Help, My Water Heater Won’t Ignite!

If you’re using a gas-fired water heater, you might have noticed the tiny blue flame known as the pilot light. Its purpose is to produce the flame required to ignite the gas coming out of the burner. When your water heater’s pilot light won’t ignite, it can’t heat the water, which means you’re in for a freezing shower.

The good news is that troubleshooting this common household problem is simple. It’s also important to fix it as soon as possible to make sure that no gas is released into your home, which could potentially cause an explosion.

4 Common Reasons Your Water Heater Won’t Ignite

Dirty Pilot Tube

Dirt, dust, and debris can block the flow of gas from the pilot tube. This means that the pilot light isn’t receiving enough fuel to fully ignite. Thankfully, fixing this issue is easy -- all you need is a long needle and a bit of patience. Gently poke the needle into the pilot hole and remove any debris. This may take several tries depending on the amount of debris that has accumulated. To check if you’ve completely gotten rid of all the debris, simply “turn on” the pilot and see if it produces a bright, blue flame.

Faulty Thermocouple

Depending on your type of water heater, it may have a thermocouple (older water heaters) or a flame sensor (newer water heaters). The thermocouple is the device that senses heat in the pilot light and triggers the flow of gas into the burner. When it detects that the pilot light hasn’t been ignited, it automatically cuts the gas as a safety precaution. Sometimes, debris gets in the way and can interfere with its ability to detect the ignition of the pilot light. While you can take the DIY route, you’re better off seeking the help of professional HVAC technicians.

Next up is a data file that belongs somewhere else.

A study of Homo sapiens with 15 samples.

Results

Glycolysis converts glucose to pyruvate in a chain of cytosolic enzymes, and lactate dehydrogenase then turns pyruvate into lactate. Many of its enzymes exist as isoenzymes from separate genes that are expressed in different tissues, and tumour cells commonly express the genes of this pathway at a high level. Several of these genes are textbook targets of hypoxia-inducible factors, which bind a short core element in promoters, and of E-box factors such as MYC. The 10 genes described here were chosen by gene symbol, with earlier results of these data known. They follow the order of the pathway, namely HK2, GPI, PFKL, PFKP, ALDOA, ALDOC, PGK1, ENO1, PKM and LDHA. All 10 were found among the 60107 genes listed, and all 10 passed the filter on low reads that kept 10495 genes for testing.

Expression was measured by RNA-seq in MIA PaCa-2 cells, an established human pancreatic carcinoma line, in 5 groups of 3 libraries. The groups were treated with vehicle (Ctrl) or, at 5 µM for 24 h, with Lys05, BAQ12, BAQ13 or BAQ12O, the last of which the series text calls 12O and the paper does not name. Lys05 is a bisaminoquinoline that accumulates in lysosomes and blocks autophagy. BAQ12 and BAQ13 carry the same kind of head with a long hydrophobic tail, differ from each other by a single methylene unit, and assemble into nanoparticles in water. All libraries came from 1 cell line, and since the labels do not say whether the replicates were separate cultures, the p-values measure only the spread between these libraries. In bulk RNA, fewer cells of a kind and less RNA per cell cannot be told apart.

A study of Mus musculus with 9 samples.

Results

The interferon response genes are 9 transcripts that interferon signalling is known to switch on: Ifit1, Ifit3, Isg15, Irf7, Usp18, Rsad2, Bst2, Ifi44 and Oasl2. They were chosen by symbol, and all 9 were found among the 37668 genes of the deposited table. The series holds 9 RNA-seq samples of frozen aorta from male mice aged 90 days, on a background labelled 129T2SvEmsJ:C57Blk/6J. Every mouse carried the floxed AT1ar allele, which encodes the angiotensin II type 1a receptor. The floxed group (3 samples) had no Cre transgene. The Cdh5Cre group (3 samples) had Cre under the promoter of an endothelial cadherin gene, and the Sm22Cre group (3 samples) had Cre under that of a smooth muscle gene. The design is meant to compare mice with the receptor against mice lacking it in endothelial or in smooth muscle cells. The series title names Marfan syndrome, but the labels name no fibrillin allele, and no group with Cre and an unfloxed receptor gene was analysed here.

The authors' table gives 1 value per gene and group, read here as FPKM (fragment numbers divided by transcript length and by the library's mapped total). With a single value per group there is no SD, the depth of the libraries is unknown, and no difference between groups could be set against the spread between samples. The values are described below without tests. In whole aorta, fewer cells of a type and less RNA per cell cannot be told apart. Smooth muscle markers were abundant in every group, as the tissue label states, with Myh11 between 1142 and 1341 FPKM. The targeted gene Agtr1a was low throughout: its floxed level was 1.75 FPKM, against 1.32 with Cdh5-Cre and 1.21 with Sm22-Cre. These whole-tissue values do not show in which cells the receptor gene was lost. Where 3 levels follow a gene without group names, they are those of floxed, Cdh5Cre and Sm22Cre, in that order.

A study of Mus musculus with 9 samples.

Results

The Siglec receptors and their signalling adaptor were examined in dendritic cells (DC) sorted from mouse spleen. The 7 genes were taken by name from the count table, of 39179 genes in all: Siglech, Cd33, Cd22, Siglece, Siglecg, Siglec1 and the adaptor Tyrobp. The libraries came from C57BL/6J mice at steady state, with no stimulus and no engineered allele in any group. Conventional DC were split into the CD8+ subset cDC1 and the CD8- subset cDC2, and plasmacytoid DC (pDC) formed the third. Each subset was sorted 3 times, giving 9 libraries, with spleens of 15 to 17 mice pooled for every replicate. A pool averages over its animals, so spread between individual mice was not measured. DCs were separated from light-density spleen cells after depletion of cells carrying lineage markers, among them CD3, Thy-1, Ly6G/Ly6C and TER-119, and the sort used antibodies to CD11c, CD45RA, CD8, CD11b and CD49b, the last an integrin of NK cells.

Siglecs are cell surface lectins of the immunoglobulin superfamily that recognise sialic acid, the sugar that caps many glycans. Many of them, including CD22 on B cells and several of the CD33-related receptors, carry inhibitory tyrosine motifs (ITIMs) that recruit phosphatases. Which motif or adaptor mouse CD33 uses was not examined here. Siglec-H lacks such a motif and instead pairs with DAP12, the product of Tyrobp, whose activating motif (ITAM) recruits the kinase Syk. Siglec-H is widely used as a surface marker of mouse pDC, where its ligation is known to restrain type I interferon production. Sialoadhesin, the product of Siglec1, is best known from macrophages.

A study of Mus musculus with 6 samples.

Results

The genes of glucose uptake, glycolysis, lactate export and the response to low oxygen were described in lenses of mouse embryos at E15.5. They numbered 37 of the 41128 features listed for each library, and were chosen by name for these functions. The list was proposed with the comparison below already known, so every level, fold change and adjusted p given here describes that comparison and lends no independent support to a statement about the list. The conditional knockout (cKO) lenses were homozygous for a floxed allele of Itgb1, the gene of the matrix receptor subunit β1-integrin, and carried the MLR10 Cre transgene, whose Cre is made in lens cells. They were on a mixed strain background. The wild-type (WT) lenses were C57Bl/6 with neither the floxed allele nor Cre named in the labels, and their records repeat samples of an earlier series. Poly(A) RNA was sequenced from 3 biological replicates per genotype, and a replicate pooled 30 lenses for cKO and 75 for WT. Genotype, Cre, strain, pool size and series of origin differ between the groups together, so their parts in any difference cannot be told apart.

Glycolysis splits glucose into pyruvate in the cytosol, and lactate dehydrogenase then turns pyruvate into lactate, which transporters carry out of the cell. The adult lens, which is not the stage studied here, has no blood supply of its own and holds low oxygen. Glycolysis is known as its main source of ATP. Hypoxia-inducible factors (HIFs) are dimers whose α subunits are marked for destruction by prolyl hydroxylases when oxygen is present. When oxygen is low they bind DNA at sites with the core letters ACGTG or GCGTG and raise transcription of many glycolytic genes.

Broken Gas Control Valve

If neither cleaning the pilot light nor replacing the thermocouple helps ignite your water heater, the problem might be with the gas control valve. The gas control valve does exactly what you think it does: it regulates the amount and pressure of gas that flows into your unit. Too much could cause fires and explosions, while too little won’t produce the right amount of gas needed to function. Fixing this requires the help of a professional technician as it involves disconnecting the gas lines and installing a new valve.

Damaged Gas Burner

In extremely old water heaters, the gas burner inside the burner chamber may have cracked. This is expected after years of wear and tear. The only way to fix this is by replacing the gas burner, but it may be more economical to replace the entire unit instead. A damaged gas burner is a sign that your water heater is on its last legs.

When All Else Fails

If you’ve followed the steps above and your water heater still won’t ignite, the problem may be more serious and probably requires the assistance of professional appliance technicians. In rare cases, you might need to replace the entire water heater, but often the problem can be fixed with the right tools and skills.

**Note: It can be very dangerous to fix your water heater yourself. You should always call your HVAC professional to have it repaired safely.